The State of ICTs in the South African NGO Sector
Non-governmental organisations (NGOs) have always been portrayed as operating on a shoestring budget, and being stuck in the dark ages of telecommunications. The reality, however, is that NGOs are heavily focused on efficiency, and information and communications technologies make up a critical element of that efficiency.
This is the overriding conclusion of a study conducted by World Wide Worx in 2007, in cooperation with SANGONeT. The purpose of “The State of ICTs in the South African NGO Sector” study was to establish how effectively South African NGOs are using information technology, whether it is making a difference in their ability to serve their constituencies, and whether they are adequately served by the IT industry.
A total of 300 IT and financial decision-makers in NGOs across South Africa were interviewed, and the results were unexpected and startling. Only 1% of respondents did not have any PCs, while a further 6% had only one PC. One third of respondents had more than 10 PCs in the organisation. Even more unexpectedly, three quarters of respondents also used laptop computers, and 81% used servers in their organisations.
These statistics are the first clue to the nature of the NGO environment: NGOs operate on a very similar basis to small and medium enterprises (SMEs), and share many of the characteristics of SMEs in their IT-readiness.
For example, two thirds of NGOs report their primary form of connection to the Internet being an ADSL line, and 16% use dial-up. In the 2007 SME Survey conducted by World Wide Worx, 55% of SMEs use ADSL, while 12% use dial-up. In other words, the two sectors are very similar in their connectivity needs and implementation.
The same applies to operating systems: 95% of NGOs use one or other version of Windows, while for SMEs the figure is 90%.
The most surprising aspect of the NGOs’ IT readiness was the extent to which they are networked. For 79% of the respondents, computers were networked. And of these, 30% use wireless networking. The reasons for both high ADSL take-up and wireless networking are simple: ADSL is far more cost-effective than dial-up, and wireless networking is far more efficient and, in the long run, more cost-effective than cable networking.
Organisations were also asked to rate their own level of technology adoption. The results were again closely equivalent to those previously observed in measuring the rate of technology adoption among SMEs in South Africa:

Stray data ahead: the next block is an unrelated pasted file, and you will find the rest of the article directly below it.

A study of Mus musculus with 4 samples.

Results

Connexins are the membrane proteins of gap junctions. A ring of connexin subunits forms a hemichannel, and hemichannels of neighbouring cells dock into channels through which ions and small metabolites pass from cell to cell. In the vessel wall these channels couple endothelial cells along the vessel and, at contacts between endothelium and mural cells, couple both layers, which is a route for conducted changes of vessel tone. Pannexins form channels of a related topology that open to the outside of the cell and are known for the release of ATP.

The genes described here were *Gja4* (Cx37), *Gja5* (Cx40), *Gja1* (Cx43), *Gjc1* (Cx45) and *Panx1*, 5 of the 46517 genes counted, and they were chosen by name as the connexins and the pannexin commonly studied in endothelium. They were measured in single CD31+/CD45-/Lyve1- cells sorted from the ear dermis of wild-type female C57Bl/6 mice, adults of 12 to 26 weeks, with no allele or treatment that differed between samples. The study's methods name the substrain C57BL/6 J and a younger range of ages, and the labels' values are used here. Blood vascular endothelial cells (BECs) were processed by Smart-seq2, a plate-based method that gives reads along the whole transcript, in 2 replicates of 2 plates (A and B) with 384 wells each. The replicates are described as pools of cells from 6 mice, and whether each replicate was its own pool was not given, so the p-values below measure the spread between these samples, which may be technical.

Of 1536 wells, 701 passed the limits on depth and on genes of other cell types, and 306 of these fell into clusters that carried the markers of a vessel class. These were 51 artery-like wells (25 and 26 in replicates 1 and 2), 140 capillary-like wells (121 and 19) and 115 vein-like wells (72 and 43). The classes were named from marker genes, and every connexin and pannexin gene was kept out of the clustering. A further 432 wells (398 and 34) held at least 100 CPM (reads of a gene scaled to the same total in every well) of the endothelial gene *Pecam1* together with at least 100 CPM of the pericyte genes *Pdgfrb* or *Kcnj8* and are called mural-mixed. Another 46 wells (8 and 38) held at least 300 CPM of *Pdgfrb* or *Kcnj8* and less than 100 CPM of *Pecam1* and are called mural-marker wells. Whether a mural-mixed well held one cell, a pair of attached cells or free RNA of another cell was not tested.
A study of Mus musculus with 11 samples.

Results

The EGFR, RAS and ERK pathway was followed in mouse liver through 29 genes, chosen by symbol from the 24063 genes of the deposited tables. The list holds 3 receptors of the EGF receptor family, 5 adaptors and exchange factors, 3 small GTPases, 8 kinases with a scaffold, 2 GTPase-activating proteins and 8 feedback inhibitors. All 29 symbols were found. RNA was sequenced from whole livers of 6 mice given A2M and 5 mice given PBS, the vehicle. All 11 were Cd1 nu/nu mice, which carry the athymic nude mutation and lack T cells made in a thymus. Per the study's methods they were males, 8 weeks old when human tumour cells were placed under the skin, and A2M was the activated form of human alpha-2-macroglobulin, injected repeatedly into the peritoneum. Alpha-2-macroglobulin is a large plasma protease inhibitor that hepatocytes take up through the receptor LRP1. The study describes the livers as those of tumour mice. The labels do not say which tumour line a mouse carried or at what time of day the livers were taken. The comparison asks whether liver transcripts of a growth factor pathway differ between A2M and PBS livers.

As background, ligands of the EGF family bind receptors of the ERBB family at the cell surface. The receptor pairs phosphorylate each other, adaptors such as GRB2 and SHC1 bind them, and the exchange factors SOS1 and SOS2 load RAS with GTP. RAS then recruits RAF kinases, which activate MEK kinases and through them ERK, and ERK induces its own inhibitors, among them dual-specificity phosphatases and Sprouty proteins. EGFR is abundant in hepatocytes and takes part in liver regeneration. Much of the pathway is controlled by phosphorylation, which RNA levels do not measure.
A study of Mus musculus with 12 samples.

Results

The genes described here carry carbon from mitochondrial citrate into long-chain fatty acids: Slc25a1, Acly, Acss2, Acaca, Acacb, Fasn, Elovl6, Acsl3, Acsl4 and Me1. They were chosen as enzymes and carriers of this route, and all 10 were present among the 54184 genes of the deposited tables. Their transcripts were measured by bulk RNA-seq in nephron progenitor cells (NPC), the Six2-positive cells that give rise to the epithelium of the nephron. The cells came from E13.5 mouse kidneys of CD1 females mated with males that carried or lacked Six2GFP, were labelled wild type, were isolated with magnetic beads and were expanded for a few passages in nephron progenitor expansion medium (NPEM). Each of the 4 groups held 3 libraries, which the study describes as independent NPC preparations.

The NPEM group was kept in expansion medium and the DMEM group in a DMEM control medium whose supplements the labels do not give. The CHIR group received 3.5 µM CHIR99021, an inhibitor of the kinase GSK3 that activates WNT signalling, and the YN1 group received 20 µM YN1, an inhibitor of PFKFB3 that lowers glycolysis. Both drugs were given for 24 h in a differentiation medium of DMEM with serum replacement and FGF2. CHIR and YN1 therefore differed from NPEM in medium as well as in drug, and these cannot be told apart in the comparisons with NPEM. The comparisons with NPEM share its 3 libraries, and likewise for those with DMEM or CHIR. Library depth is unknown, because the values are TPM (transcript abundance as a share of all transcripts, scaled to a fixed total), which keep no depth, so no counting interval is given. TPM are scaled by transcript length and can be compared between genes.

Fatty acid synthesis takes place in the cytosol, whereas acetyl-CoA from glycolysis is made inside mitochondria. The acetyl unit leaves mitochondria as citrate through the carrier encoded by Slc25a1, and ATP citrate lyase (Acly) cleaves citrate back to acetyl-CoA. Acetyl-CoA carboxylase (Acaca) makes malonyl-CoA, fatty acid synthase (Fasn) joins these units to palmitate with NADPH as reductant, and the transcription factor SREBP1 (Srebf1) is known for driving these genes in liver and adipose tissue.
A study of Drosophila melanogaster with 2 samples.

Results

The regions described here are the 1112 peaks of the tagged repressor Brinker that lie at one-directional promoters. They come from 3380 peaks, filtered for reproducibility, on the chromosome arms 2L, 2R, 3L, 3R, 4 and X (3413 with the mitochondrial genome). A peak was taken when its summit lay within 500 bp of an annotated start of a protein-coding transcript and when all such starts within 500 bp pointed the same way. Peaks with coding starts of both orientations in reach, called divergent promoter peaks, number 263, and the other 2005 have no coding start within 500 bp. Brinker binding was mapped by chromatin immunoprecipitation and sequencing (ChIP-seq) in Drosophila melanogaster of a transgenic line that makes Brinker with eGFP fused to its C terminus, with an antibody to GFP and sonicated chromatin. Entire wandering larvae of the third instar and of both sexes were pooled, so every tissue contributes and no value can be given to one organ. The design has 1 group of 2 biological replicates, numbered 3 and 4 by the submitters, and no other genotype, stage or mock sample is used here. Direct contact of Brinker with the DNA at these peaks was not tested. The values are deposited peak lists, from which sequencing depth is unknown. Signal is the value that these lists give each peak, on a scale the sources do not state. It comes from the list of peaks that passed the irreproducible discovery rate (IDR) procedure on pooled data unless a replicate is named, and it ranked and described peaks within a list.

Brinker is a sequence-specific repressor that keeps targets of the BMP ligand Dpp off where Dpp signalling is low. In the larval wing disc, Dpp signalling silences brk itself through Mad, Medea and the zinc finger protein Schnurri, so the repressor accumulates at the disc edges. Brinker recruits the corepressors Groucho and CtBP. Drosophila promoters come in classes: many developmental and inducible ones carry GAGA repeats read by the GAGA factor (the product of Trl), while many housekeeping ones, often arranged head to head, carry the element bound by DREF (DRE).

* Very basic 10%
* Somewhat basic 24%
* Average 39%
* Somewhat advanced 20%
* Very advanced 6%
NGOs are clearly not shying away from technology, with a small proportion – only 21% - saying they are in a basic stage of technology adoption. However, a very high 39% regard themselves as Average, indicating tremendous potential for driving more advanced usage of technology among NGOs.
This is emphasised by the fact that the vast majority - 86% - of respondents use some form of accounting software. As among SMEs, Pastel is the dominant accounting package, with 76% using it, followed by Accpac (7%) and Quickbooks (6%).
Despite all these positive signs, when it comes to more advanced forms of software, NGOs rely on adapted versions of standard Office software. For example, while a quarter of respondents say they use Customer Relations Management software, most of these are using MS Access (40%), Excel (26%) and Outlook or Outlook Express (13%) for the purpose.
Support for IT systems is largely outsourced, although a relatively high 30% manage this need internally. An even higher proportion, 38%, managed support of financial software internally, emphasising the importance of financial software and its management to NGOs: whereas almost two thirds outsource overall IT support, less than a fifth outsource support of financial software. This indicates that financial software tends to require substantially less support than IT systems in general.
However, while NGOs seem to have their hardware and software needs in hand, there are many flies in the ointment. This emerged from questions regarding their satisfaction with the quality of Internet connection, hardware and software, and satisfaction with their cost.
It emerged that the vast majority were satisfied with the quality of Office software (85%) and computer hardware (84%), while a smaller but still high proportion were satisfied with the quality of their Internet connection (73%) and networks (72%)
However, when it came to the cost of these resources, satisfaction levels plummeted. Only 55% were satisfied with the cost of Office software, and 52% with computer hardware. For Internet connections, satisfaction with cost dropped to 39%, and for networking, 44%.
Similar results are found in SME studies, indicating that the IT industry is meeting the needs of small organisations from a quality perspective, but is hamstringing them with the high cost of this quality.
Possibly the most important question of all was that of what impact ICT had on these organisations’ abilities to meet their strategic objectives. The following represent the positive impact rating for each of these key areas:
* Advance human rights 54%
* Advance developmental initiatives 58%
* Advance training and educational initiatives 59%
* Advance capacity-building initiatives 50%
These low proportions lead to the inescapable conclusion that IT investment by NGOs has been geared to the administrative running of the NGOs, rather than to achieving their goals and objectives as NGOs. This, in turn indicates the potential opportunity for the IT industry in more fully meeting the needs of NGOs. When combined with the clear indications that NGOs are at the same level of technological maturity as SMEs in general, it represent a call to action to the IT industry to address the NGO sector as a desirable and viable target market.